Progress | Centre-left Labour politics

Why is Labour not doing better?

Labour is backtracking on the coalition that meant 2017’s result was an unexpected improvement on 2015, not convincing former Tory voters to switch sides next time

In the long annuls of British political history, has the nation ever been led by such damaged goods? Theresa May is a weak leader at a time of maximum peril, encircled by inadequates, charlatans and frauds.

She may have a small majority to maintain her parliamentary position and to pass her budget, but on all other matters she lacks the authority, imagination or numbers to get much through the legislature. At a time of great threats and major opportunities, Britain is being run by political pigmies, unable to see above the top of the long grass.

Sage observers point to the similarities with the slow death of John Major’s government, tarred with the brush of economic incompetence after the exchange rate fiasco, and mired in sleaze after the ill-judged call for ‘back to basics’. Others cite the end days of Jim Callaghan, with a tired administration, propped up by a third party, and riven with ideological schism.

But there is one missing ingredient from our current circumstance, shared by both of these historical parallels. As Major and Callaghan witnessed their parliamentary majorities shrink, then disappear, and their own authority shrivel, the position of the leader of the opposition was enhanced. It was a zero sum game. As Callaghan shrank, Margaret Thatcher rose. As Major declined, so Tony Blair reached ear-popping heights of popular support. For example, in June 1995, Labour enjoyed a poll lead over the Tories of 29 per cent. Two years later, in the weeks after New Labour’s landslide, the party’s lead over the Tories was 39 points, but that is another story.

So why is the Labour party under Jeremy Corbyn not doing much, much better? You could hear the frustration in Blair’s voice on the BBC Today programme in November when he said that Labour should be 15 or 20 points ahead of a Tory government which makes Major’s look like a ‘paragon of stability’.

The absence of a significant poll lead should be a concern to all of us, and not just Blair. It should concern all of us who want an end to this Tory government and the election of a Labour alternative. It should especially concern those at the heart of the new Labour establishment who have bet the entire farm on this current electoral strategy. Having lost one election, to lose another within a few years on the same prospectus would mean the end of the Corbyn approach to politics. For the people in charge, in the shadow cabinet, the National Executive Committee, and the leader’s office, the absence of a double-digit poll lead should lead to some deep soul-searching.

The question the Labour hierarchy should be asking themselves is: what are the limitations and boundaries of Labour’s appeal? The last election showed that, when up against May, a left-populist manifesto, untroubled by fiscal responsibility or economic coherence, could garner more votes than Ed Miliband managed. The manifesto pledges appealed to those struggling with student debts or exercised by nationalisation. But they said little to the millions in private sector jobs, or running start-ups, or worrying about Brexit.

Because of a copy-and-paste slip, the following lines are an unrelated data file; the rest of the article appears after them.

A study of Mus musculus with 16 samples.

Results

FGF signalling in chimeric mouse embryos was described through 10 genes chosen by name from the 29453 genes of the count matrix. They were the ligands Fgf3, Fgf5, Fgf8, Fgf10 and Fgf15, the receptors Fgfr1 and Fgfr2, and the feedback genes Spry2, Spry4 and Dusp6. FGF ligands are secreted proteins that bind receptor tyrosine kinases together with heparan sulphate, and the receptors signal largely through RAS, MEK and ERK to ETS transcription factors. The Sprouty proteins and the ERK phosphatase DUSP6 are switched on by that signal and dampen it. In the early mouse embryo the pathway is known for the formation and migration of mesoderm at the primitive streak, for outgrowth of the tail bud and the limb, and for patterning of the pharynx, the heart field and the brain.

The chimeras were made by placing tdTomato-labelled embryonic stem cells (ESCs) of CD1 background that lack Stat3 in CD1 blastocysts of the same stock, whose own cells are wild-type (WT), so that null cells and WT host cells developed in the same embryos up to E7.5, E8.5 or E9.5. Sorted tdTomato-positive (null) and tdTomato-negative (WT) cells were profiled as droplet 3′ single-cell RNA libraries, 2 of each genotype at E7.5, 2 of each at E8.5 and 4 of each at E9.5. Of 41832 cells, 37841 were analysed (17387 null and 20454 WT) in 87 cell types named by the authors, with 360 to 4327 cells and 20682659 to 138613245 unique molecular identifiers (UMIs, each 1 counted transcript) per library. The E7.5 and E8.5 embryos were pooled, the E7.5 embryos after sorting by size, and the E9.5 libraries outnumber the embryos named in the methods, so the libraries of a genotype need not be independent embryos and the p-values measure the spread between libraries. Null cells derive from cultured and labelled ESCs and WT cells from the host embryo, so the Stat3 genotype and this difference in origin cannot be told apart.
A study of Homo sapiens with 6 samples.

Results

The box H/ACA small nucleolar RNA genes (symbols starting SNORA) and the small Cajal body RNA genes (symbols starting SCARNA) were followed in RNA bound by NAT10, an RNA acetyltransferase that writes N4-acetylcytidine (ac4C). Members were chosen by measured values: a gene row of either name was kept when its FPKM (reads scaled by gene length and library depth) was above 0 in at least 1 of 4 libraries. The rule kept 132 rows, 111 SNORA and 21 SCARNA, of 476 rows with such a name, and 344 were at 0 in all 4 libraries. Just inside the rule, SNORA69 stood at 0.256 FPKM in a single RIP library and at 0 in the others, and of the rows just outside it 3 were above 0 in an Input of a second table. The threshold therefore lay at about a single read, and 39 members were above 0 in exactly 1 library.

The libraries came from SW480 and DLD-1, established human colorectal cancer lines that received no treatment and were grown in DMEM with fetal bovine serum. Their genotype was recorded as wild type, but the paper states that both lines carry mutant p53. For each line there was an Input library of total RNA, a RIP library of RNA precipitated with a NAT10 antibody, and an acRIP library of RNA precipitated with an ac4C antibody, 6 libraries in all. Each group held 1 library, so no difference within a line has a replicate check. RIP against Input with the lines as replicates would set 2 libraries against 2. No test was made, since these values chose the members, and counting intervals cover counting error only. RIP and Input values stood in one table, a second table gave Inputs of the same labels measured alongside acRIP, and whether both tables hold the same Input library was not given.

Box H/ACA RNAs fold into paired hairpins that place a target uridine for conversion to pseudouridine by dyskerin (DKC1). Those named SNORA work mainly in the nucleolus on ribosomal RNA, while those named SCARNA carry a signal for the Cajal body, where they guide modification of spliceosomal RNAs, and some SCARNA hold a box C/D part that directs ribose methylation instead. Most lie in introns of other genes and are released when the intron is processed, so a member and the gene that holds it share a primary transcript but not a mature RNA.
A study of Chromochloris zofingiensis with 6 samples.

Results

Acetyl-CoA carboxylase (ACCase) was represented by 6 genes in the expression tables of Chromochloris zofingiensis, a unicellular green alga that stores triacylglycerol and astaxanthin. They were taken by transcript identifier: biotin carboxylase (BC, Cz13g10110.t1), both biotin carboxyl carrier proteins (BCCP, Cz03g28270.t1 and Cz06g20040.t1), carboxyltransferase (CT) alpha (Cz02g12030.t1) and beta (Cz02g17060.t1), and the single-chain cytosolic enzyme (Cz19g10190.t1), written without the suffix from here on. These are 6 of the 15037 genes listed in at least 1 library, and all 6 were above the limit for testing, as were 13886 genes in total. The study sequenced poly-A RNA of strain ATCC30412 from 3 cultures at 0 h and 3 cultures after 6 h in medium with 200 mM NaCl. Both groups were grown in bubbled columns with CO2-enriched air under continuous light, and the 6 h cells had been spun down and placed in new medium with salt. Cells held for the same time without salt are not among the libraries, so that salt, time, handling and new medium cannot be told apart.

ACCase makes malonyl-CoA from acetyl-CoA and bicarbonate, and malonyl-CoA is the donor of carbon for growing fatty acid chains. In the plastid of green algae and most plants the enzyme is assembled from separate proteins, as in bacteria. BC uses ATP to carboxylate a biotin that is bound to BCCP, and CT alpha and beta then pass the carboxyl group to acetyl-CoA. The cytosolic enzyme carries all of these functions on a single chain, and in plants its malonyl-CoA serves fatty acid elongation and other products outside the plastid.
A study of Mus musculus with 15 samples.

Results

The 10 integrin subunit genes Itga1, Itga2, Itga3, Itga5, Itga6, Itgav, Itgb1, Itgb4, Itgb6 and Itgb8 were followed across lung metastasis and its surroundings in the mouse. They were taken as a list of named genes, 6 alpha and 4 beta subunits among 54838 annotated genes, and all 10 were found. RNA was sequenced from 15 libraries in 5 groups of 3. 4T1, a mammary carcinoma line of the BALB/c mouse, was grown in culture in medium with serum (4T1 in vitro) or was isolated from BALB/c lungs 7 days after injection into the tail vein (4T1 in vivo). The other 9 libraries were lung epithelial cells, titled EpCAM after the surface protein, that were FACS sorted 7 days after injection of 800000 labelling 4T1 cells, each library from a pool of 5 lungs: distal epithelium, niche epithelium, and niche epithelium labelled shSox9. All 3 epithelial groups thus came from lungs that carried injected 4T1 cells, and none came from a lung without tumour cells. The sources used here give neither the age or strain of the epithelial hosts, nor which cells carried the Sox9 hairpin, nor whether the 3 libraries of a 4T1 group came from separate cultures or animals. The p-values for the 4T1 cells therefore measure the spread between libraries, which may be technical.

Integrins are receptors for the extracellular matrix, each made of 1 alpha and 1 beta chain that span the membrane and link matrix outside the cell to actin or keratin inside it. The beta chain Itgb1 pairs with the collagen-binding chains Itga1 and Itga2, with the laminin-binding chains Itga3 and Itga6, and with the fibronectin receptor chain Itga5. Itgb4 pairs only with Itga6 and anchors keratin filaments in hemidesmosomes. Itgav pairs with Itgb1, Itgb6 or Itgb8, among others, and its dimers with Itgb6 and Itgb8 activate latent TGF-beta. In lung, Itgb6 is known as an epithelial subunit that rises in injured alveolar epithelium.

Labour’s manifesto had a specific appeal. If we offer more of the same next time, with the same faces at the top, where will the new support will come from? They say if you lose an election offering ham and eggs, you cannot expect to win the next one by offering double ham and eggs. Why just promise to nationalise the water companies, when we can pledge to nationalise all the banks and building societies too?

The James Graham play Labour of Love, currently on in the West End, starts and ends with a Labour member of parliament in the Nottinghamshire coalfields who is about to lose his seat in the 2017 general election. It is salutary to remind ourselves that we lost Labour seats in traditional industrial areas this year. Dennis Skinner saw his majority halve in Bolsover between 2015 and 2017. It is now a Tory target seat. The success of the last manifesto was to align personal economic security with the nation’s security – the best of Corbyn and Tom Watson, if you will. The former inspired new voters, the latter reassured many. However, this coalition – which got Labour 40 per cent of the vote – was dealt a fatal blow when Corbyn undid the pact by pledging to abolish Trident at Glastonbury festival just days after the national poll.

This explains why Labour is neck-and-neck with the Tories now, and why Corbyn is actually behind May on the question who would make the best prime minister. For all the excitement and energy, all the new members and rallies, all the knitted Corbyn dolls and sing-songs, Labour’s appeal is narrow, nor majoritarian. It makes no attempt to win over sceptical people in the party, let alone swing voters in the country. It is designed to pile up votes in university towns and urban areas like Islington, but fails the test of taking enough seats from the Tories.

Labour’s vote went up in 2017, but what goes uncommented on is that the Tories did too. Tory support in the country remains stubborn since June. If the older people put off by the Tories anti-pensioner 2017 manifesto no long stay home, the Tories could actually improve on their position next time. Labour has got to be ready to take power from the Tories – which means winning over those who voted Tory in 2017, not wait for our rivals to drop the Downing Street keys.